The ashes of Dorothy Parker, the beloved writer and humorist, have been moved yet again, this time to a final resting spot in New York.
The relocation of Parker’s ashes is the latest chapter in the circuitous journey of the writer’s remains: from a crematory in a New York suburb for six years, to a filing cabinet on Wall Street for 15 years, to a yard behind the N.A.A.C.P. headquarters in Baltimore. At last, Parker will have a final resting place at Woodlawn Cemetery in the Bronx.
The development, which was reported by The New Yorker on Friday, was the culmination of 14 years of discussion, according to Kevin C. Fitzpatrick, head of the Dorothy Parker Society, a fan group.
“She’s back in her hometown,” Mr. Fitzpatrick, a professional tour guide and author, said in an interview on Saturday.
Parker, who was known for her writing published in The New Yorker, Vanity Fair and Vogue, as well as for her wry humor, left the bulk of her estate and royalties from her writings to the Rev. Dr. Martin Luther King Jr., and in the event of his death, to the N.A.A.C.P.
She had not, however, left instructions about what should become of her remains by the time she died in 1967 at 73 in her suite at the Volney Hotel on the Upper East Side of Manhattan, and no one knew what to do with her ashes. For years, they sat at a Westchester County crematory until they were shipped to the Wall Street office of Paul O’Dwyer, a lawyer for the playwright Lillian Hellman, who was the executor of Parker’s estate. The ashes were left in an office filing cabinet there.
When Benjamin L. Hooks, then the executive director of the N.A.A.C.P., learned that Parker’s ashes did not have a proper resting place, he suggested they be brought to the group’s headquarters, in Baltimore. He and two leaders of Baltimore’s Jewish community announced the plan to build a memorial garden behind the N.A.A.C.P. headquarters, with the idea that it would be her final resting place.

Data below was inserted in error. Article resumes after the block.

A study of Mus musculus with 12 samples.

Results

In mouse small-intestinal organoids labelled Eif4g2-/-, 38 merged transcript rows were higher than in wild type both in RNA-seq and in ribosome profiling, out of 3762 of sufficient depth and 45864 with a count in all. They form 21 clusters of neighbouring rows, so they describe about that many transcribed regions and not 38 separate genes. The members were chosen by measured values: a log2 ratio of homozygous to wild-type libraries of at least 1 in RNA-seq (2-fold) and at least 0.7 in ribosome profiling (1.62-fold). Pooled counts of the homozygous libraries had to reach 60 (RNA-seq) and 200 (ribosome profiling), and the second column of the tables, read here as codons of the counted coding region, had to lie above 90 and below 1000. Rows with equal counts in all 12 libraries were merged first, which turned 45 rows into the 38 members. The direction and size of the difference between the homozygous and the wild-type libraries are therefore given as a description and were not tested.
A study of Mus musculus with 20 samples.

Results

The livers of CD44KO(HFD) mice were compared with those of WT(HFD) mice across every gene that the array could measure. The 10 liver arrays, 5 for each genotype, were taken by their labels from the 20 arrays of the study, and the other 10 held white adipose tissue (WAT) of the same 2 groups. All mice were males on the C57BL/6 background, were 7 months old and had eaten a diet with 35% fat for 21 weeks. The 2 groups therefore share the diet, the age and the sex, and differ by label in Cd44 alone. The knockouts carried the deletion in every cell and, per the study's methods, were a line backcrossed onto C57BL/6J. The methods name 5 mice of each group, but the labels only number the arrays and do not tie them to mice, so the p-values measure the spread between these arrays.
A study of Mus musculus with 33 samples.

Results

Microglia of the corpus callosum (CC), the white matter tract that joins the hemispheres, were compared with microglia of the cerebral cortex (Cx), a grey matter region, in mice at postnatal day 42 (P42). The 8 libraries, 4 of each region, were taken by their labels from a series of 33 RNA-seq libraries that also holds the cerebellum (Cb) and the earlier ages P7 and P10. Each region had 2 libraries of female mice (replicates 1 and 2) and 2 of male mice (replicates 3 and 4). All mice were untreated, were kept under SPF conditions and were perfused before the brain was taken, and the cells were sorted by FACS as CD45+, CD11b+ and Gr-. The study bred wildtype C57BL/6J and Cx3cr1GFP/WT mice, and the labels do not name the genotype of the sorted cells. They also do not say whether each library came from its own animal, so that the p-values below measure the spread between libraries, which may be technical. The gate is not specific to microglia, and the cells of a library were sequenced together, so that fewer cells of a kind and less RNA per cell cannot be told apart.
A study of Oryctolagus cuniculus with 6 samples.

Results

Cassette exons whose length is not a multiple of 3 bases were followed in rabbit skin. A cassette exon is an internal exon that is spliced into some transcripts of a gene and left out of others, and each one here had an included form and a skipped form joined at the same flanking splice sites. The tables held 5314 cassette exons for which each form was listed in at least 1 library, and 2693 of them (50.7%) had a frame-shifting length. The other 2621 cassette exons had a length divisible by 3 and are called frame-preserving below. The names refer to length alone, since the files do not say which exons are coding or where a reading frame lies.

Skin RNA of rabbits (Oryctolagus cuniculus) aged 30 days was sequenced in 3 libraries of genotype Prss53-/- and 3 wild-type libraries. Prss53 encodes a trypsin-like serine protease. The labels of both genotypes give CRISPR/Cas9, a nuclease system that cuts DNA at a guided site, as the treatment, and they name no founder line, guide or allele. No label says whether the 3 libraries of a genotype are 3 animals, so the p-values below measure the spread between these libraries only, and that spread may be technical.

But the N.A.A.C.P.’s announcement that it planned to move its headquarters to Washington in the coming years ignited a debate over where Parker’s remains should go.
The Woodlawn Cemetery, in a plot with her parents and grandparents, was “really the only place for Dorothy Parker to go,” Mr. Fitzpatrick said.
Construction workers spent two and a half hours disinterring Parker’s urn from the Baltimore garden. The same rabbi who attended the initial burial ceremony said the Kaddish for Parker.
Aba Blankson, a spokeswoman for the N.A.A.C.P., did not respond to a request for comment on Saturday.
Mr. Fitzpatrick transported Parker’s ashes on an Amtrak train from Baltimore to New York, and then in an Uber from Penn Station to the Upper West Side. During the train journey, he said, he made a cocktail with Dorothy Parker gin.
“I just wanted to celebrate getting her on her journey home,” he said. “To actually be holding her remains was very surreal. You’re actually so close to someone that you have spent so much time writing about, thinking about, talking about.”
The ceremony at Woodlawn Cemetery in the Bronx took place on Aug. 22, Parker’s birthday, when she would have turned 127 years old.
Susan Cotton, Parker’s 73-year-old grandniece, and other family members could not attend the burial ceremony because of the coronavirus pandemic. But Ms. Cotton said she had drunk a martini in her great-aunt’s honor while the ceremony was happening.
Ms. Cotton said she and her siblings were thrilled that “Aunt Dot” was back in New York.
“That’s where she should’ve been all along,” said Ms. Cotton, who never met Parker.
Joan Grossman, 69, another of Parker’s grandnieces, said, “It was time for her to come back home.”
Mr. Fitzpatrick, 54, said that next year there would be a big “welcome home” party to celebrate both Parker’s life and New York City, the place she loved.
At the burial ceremony, Mr. Fitzpatrick read passages from Parker’s essay “My Hometown,” an ode to New York, in which she wrote that she had been cheated out of the distinction of being a native New Yorker because she was born while her family was spending the summer in New Jersey.
New York, Parker wrote, “is always a little more than you had hoped for. Each day, there, is so definitely a new day.”